Q&A: A Hijacking Director, Tobias Lindholm
Let Reality Decide
12.10.2012 - Denmark's Tobias Lindholm delivers
a gripping psychological drama about negotiations between Somali
pirates and the CEO of a shipping company, and the terrible toll
taken on the ships' crew. Before the film screened at ADFF in the
New Horizons Competition (winning a Special Jury Mention and an
award for Søren Malling's performance as The Boss), Lindholm took
time to answer a few of our questions.
After R, we see another dark and tense
psychological drama from you with A Hijacking. How were
you drawn into this story?
Denmark has always had a great merchant tradition and all Danes
have at least one family member who is a seaman, which in my case
was my father. In that way, A Hijacking is a very Danish
story, and this is what drew me in the first place. At the same
time, I wanted to make a Danish film that takes place in the big
wide world; and I became aware of the reality of piracy in the
Indian Ocean, following the hijackings of the Danish-owned
freighters Danica White and CEC Future, in 2007 and 2008. This is a
reality where pirates earn millions of dollars and seamen are held
hostage for months without any influence on their own
Do you want to give a political message regarding piracy
in the Indian Ocean with this film?
I never have a political message. Politics does not interest me,
but people, real people do. If A Hijacking feels like it
is about them, then I am very close to my goal.
In a previous interview, you have said that you
want to make your films as realistic as possible. In A
Hijacking, how did you develop the script and the characters
to make sure that they're portrayed realistically?
I work based on a dogma that says: "Reality Rules." I always use
more time to research than to write the script. I always try to
find a story that is better than anything I could come up with. I
think that reality is always more accurate than fiction.
Fiction often tries to tell so precisely that it destroys the
intensity and honesty. For me, realism is a playground that puts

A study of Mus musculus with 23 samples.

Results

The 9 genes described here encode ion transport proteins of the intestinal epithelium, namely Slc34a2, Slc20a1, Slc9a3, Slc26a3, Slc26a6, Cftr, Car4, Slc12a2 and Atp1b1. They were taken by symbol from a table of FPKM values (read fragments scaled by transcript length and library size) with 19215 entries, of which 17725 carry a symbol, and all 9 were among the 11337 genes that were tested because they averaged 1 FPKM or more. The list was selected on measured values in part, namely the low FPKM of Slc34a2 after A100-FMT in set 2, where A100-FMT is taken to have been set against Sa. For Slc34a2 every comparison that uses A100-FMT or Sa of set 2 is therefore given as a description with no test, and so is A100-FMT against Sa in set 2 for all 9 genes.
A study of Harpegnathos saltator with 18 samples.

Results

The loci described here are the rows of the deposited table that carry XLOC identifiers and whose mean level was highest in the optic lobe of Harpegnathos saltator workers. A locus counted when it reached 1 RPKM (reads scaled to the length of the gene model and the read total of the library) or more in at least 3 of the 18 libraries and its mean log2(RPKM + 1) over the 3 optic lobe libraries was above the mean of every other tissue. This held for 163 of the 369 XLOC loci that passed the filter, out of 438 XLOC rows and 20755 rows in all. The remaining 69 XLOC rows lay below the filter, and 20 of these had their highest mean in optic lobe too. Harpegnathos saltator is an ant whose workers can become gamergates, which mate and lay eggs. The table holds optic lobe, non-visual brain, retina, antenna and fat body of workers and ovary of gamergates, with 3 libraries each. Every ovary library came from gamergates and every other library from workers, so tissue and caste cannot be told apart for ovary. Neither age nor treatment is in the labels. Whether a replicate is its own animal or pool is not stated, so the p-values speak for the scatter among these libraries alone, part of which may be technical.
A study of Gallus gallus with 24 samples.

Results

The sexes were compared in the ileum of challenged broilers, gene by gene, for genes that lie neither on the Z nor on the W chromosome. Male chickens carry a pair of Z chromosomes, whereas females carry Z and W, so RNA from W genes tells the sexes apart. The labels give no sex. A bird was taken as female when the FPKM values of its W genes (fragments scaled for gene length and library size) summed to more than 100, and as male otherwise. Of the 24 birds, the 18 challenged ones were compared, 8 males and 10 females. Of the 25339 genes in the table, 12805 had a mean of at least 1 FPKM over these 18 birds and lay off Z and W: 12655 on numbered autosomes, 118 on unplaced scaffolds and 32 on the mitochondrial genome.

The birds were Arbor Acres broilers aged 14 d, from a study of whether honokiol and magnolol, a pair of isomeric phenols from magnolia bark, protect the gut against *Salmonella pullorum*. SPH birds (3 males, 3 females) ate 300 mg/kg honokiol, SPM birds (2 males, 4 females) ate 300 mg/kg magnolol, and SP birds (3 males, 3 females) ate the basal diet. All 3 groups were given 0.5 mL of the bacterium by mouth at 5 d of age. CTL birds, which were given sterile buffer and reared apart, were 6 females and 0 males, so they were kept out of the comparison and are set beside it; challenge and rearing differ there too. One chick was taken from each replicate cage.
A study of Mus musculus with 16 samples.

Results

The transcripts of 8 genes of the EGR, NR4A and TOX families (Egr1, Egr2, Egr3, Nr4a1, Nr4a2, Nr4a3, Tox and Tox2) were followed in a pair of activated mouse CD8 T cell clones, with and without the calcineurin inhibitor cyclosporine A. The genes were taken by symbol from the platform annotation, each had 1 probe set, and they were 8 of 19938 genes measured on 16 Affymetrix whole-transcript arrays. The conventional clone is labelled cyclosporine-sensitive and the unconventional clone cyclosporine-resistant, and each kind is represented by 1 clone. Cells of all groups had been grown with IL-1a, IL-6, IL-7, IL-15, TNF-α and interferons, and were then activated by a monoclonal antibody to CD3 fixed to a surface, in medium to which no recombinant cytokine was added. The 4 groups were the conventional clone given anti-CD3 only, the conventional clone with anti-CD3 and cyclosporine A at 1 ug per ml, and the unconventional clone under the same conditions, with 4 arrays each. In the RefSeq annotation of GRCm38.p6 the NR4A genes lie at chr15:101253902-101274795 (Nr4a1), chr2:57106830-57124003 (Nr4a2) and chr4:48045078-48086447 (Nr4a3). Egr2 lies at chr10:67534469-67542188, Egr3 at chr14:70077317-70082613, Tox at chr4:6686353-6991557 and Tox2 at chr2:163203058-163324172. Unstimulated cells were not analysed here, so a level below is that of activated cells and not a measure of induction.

great demands on discipline. If you want to tell a story about real
people, you have to listen to the reality of these people. Reality
is full of logic that you cannot just skip over because you like
something more dramatic. You are forced to listen and learn from
that reality and be loyal to it. Otherwise it will not work. So I
listened to the reality and let it decide: in this case, the
reality of piracy in the Indian Ocean and the negotiations between
the company and the pirates.
What did your research regarding the hijackings
In my research I have talked, written and discussed with a lot
of people who know the reality of the Indian Ocean, including
pirates, sailors, security guards, CEOs and relatives of sailors.
Their stories have surprised and shocked me. The most shocking fact
is that there were more than 1200 hostages last year and many of
them are still not home. You cannot imagine that 1200 passengers
were held hostage in an airliner without anyone doing anything. But
it is apparently difficult to find out who is responsible for the
hostages. Is it the government, the companies or the sailors'
When I wrote the script, a real hostage negotiator helped me to
stick to reality. When we started shooting, I was so impressed by
his cool and precise observations that I ended up offering him the
role of The Negotiator in the film. I didn't have to write any
lines for him: He knew exactly what to say. At the same time, I
could ask him for advice if I had any questions during the hectic
days of the shooting.
Are there any patterns regarding the negotiation process
with Somali pirates? How predictable is their
I believe that their behavior changes from case to case, but one
can say that young men, high on kath, are not the most
trustworthy and reliable people on earth. My research showed that
they were very aggressive and unbalanced. You can't anticipate
their next move. As the hostage dealer says in the film: Time
is a Western thing! It does not mean anything to them.
Regarding your film, you have said: "I couldn't make a
film about the truth of the hijackings in the Indian Ocean,
because I don't believe that truth exists. But I could make a
film about seamen, pirates, CEOs and relatives. Because
they do exist."
I think that realism and truth are two very different things.
Truth is subjective. Realism is objective and sober. I believe that
the truth of piracy doesn't exist. It is far too complicated and
contains more than one truth. But people and their experiences
exist. That's why I tell stories about people and not about issues.
I can be truthful in a portrait of a person and thus move my fellow
human beings so that we might understand each other a little
Your background is in writing, and A Hijacking
is your solo debut. Following A Hijacking, what's the next
step for you?
Right now, I am writing Thomas Vinterberg's next film. After
that I will start to look for my own story. On the other hand, I am
the father of three little boys whom I love dearly and with whom I
would like to spend more time. Maybe the only truthful answer is:
Time will tell.
Which filmmakers have inspired you the
I stand on the shoulders of filmmakers like the Dardenne
Brothers, DOGMA 95, Paul Greengrass, Ingmar Bergman, David Simon
and Jean-Luc Godard. From my point of view, they have all insisted
on minimizing the distance between the audience and the big silver
Where do you see yourself and your work as far as
contemporary Danish cinema is concerned?
I don't. Let's talk about that when I have made 20 films.